For Álvaro Enrigue, a novelist fascinated with historical detail, the first meeting of the Aztecs and Spanish conquistadors is the obsession of a lifetime. He brings it to life in “You Dreamed of Empires.” Writes Benjamin P. Russell in the New York Times: The Aug. 13, 2021 edition of The New York Times failed to mention the 500th anniversary of the fall of Tenochtitlan, the erstwhile Aztec capital out of which Mexico City was born. Álvaro Enrigue noticed. Of course. The 54-year-old Enrigue, who grew up in Mexico City, believes that early meeting between Europe and the Americas changed the trajectory of global commerce, urbanism, industry and much else besides. Modernity itself, he argues, was born in the moment the Aztec emperor Moctezuma and Hernan Cortés, the Spanish conquistador, first looked each other in the eye in 1519, a clash of empires that set in motion the city’s capture two years later. “Not a single article, and it was the great city of the Americas at that time,” he said. More here.
Did 9/11 ‘clash of civilizations’ bring East and West closer?
An article published in CSMonitor back in Sep. 2021 opines that “counterintuitively it did –the “clash of civilizations” expected after 9/11 has been mediated by the rise of cross-cultural embraces between the West and the Muslim”. CS Monitor note says: “The 9/11 attacks were, fundamentally, a shocking expression of clashing values. But, a generation later, under the radar of conflict, there is evidence of greater global understanding and common values”.
Rather than a clash, whether by design, desire, or simple technological evolution, the geographic and cultural boundaries between the West and the Arab and Muslim world have blurred, as a meeting of minds has led to a recognition of common bonds and, increasingly, common values. “The idea that the values between the West and the Muslim world are not the same as and are opposed to one another is historically wrong,” says Jocelyne Cesari, a religion and politics scholar at the University of Birmingham in England and a senior fellow at Georgetown University’s Berkley Center for Religion, Peace and World Affairs. “There is no clash of civilizations; it has been debunked by social science and data, which has shown that most conflicts happen within a civilization, not between them. But this thinking persists because people often use stereotypes to base their views of the other,” she says. “Individual people are breaking the stereotypes by reaching out to one another. But what is missing is the political and religious leadership” to back it up.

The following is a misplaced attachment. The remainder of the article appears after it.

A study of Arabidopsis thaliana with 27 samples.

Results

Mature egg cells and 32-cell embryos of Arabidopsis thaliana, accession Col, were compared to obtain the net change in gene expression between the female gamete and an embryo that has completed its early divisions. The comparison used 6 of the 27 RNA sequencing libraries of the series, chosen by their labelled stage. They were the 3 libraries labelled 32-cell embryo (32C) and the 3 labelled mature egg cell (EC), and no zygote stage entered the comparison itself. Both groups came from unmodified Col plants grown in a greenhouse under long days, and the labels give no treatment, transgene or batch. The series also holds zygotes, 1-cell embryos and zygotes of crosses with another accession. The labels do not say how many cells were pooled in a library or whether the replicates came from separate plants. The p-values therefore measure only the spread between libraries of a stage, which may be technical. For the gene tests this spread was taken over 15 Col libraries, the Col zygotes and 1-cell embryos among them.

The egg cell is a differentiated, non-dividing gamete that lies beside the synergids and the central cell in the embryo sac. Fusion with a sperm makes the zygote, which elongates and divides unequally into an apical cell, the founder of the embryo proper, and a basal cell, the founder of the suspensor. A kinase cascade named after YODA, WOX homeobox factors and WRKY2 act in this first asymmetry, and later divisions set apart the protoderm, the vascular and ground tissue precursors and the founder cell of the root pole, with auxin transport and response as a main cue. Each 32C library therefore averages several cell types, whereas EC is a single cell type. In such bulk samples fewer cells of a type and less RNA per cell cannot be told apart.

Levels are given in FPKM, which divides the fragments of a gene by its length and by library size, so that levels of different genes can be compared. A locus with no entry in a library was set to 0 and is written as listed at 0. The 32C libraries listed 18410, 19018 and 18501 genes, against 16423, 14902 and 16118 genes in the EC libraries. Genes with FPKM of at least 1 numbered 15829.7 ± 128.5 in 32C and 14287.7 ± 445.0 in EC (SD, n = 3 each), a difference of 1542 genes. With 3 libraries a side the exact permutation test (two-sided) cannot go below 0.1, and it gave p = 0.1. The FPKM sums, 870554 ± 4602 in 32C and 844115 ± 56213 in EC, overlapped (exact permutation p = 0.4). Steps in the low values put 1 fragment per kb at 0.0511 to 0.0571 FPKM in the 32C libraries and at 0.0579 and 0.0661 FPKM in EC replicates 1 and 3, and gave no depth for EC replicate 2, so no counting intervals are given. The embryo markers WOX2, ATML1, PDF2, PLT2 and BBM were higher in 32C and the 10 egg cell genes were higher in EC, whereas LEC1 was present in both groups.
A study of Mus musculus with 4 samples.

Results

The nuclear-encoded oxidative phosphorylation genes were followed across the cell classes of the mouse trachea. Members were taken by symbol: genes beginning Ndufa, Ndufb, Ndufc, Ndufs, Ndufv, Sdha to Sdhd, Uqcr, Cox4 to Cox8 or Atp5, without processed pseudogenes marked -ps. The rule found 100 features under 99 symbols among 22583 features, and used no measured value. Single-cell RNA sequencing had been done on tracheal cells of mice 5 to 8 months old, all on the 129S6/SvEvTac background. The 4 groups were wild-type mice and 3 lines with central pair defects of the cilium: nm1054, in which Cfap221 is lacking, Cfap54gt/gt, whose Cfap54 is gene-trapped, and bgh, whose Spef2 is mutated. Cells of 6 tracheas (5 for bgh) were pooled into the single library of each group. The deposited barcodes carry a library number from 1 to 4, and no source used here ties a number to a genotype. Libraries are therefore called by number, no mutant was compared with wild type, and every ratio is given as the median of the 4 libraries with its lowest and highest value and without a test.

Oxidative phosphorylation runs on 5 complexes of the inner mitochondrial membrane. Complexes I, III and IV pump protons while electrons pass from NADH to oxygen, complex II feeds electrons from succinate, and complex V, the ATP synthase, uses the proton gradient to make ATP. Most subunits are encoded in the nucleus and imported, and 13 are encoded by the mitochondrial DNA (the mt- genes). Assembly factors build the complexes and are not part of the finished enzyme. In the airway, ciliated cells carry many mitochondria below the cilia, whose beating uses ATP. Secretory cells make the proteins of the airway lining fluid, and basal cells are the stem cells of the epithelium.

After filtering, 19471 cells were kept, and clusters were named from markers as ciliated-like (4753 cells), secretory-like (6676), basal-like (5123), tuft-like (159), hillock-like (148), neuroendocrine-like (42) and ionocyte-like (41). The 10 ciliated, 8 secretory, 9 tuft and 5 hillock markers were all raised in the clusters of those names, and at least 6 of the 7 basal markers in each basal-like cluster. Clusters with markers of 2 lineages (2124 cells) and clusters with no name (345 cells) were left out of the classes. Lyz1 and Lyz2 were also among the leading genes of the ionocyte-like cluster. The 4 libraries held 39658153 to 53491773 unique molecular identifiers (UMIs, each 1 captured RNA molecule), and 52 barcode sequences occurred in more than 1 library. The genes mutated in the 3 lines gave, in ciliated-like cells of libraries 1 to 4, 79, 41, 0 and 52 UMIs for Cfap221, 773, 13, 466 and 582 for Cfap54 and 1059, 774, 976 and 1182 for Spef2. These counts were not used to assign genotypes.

After multiple global financial crises, a pandemic, democracy under threat, and United States-China competition, it may be hard to believe that at the turn of the century, before 9/11, a top concern in America was an emerging West-East cultural clash. Some politicians and pundits claimed it was a realization of what Harvard University professor and political theorist Samuel Huntington had coined in 1996 as a “clash of civilizations,” a future in which wars would not be fought between nation-states, but between warring cultures.
President George W. Bush characterized terrorist moves this way: “They hate our freedoms.” It was mistakenly applied by some to encompass an entire region, a belief that the West and the Arab and Muslim world had opposite, conflicting values….As a response to 9/11, U.S. institutions and the government initiated exchange programs, bringing Arab and Muslim students, journalists, and academics to the U.S. – a soft-power approach to a region where the U.S. was embroiled in multiple wars. More here.